Bangla year 1423 ends tomorrow | 2017-04-12 |

Bangla year 1423 ends tomorrow

BSS     12th April, 2017 08:13:41 printer

Bangla year 1423 ends tomorrow

Tomorrow is the last day of Bangla calendar year 1423. The day will be celebrated as Chaitra Sangkranti across the country.

Bangladesh Shilpokala Academy and different cultural groups and social organizations will celebrate Chaitra Sangkranti through different programmes prior to the beginning of the New Year 1424.

President of Sammilito Sangskritik Jote Golam Quddus said the people of the country got the benefits of different development activities implemented by the present government in 1423.

"The country is witnessing a remarkable progress in different areas of development as well as cultural arena," he said.

Bangladesh is now a role model both at home and abroad and it became the same due to initiatives of Prime Minister Sheikh Hasina, Quddus added.

Noted litterateur Rashid Haider said the members of Hindu community observe Chaitra Sangkranti through different types of puja (warship).

The Hindu business people organize Charak Puja on this occasion and folk fairs are held in rural areas marking Chaitra Sangkranti. 

Marking the end of the Bengali year, Shilpakala Academy will organize a Chaitra Sangkranti function on its premises which will begin at 4 pm. The programmes include 'Puthi Path', dance, 'Pala Gan' and Gambhira.

Bangladesh Group Theatre Federation will hold Chaitra Sangkranti functions at Jatiya Natyashala at 6.30 pm where eminent cultural personalities will join.

The function includes music, dance, recitation and Pitha Utsab and stalls of decorative clay goods.

Meanwhile, the nation is set to welcome the Bengali New Year-1423 through traditional Pahela Baishakh celebrations on Friday.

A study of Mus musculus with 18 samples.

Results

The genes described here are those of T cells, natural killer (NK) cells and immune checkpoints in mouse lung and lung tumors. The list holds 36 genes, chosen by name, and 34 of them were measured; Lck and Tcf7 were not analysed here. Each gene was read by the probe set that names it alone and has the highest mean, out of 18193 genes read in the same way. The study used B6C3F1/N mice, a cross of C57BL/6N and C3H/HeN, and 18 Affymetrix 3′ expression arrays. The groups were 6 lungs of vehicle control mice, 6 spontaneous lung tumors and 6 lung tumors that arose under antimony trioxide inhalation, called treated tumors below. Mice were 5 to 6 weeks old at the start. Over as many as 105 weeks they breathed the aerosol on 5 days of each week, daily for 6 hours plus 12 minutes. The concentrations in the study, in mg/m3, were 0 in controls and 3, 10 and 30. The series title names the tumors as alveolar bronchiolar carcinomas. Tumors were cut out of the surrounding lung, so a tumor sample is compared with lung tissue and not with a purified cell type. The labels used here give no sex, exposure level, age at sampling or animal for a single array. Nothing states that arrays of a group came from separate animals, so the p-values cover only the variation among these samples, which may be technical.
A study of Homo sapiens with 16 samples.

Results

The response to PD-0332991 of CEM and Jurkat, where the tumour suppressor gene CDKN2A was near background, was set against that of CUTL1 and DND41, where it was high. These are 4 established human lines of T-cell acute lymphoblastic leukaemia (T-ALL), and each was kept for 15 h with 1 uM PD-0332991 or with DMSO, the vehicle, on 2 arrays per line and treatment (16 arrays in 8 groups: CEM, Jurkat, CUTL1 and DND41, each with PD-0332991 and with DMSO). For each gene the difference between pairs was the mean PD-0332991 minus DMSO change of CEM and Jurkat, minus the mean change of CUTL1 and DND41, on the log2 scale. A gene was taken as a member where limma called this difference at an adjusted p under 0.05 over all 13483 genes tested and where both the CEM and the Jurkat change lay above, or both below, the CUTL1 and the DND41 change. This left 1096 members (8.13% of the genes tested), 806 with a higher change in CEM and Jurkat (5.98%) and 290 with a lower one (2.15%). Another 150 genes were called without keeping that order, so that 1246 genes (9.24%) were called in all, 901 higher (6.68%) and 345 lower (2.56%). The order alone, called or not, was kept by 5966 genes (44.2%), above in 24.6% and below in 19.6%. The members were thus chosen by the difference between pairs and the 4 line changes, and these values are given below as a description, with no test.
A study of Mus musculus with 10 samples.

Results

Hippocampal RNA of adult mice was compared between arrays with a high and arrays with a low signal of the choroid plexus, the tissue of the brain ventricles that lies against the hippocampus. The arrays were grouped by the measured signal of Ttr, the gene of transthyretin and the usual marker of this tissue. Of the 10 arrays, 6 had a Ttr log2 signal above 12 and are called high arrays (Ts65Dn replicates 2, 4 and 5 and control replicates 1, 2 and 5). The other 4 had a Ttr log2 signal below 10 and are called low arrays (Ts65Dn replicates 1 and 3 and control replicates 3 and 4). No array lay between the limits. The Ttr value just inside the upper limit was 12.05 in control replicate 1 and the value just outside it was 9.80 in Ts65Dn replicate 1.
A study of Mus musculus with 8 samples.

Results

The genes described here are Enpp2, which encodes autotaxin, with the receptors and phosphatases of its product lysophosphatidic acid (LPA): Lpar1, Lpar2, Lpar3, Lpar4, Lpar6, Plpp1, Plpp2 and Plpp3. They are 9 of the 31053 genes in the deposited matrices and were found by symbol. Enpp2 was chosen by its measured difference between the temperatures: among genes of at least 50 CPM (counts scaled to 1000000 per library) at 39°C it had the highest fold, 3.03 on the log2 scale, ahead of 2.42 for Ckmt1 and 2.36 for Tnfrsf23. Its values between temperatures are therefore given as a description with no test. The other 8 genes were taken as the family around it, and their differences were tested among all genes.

Thousands of people are expected to join the Nabo Barsho fanfare across the country on the first day of the New Year.

Various programmes, including like musical functions, colourful marches and Baishakhi fairs will be held in the capital city and other cities, while the business community, especially in rural areas, will open their traditional 'Halkhata' to welcome the Bengali New year.

Authorities have made arrangements to ensure foolproof security across the country on the occasion.

According to historical records, celebrations of Pahela Baishakh, the first day of the Bangla Calendar Year, started from Emperor Akbar's reign when it was customary to clear up all dues on the last day of the Bengali month of Chaitra with businessmen opening 'halkhata' or new book of accounts in their shops.

On the next day, or the first day of the New Year, landlords used to entertain their tenants with sweets. Village fairs and related festivities were other visible features of the day. 

In course of time, the occasion became part of domestic and social life, and turned into a day of merriment with distribution of homemade special foods among the guests as well as near and dear ones.

Various agricultural products, traditional handicrafts, toys, cosmetics, as well as different food and sweet items are sold in the Baishakhi fairs. 

These fairs also provide entertainment, with singers and dancers staging jatra (traditional plays), pala gan, kobigan, jarigan, gambhira gan, gazir gan and alkap gan. They present folk songs as well as Baul, marfati, murshidi and bhatiali songs.

According to history, under the Mughals, agricultural taxes were collected according to the Hijri calendar. However, as the Hijri calendar is a lunar calendar, it does not coincide with the harvest.

As a result, farmers were hard-pressed to pay taxes in off-season and to streamline tax collection and emperor Akbar ordered a reform of the calendar that starts with the celebrations of the Pahela Baishakh.

New year's festivities are closely linked with rural life in Bengal. In villages, towns and cities, traders and businessmen will close their old account books and open 'halkhata'.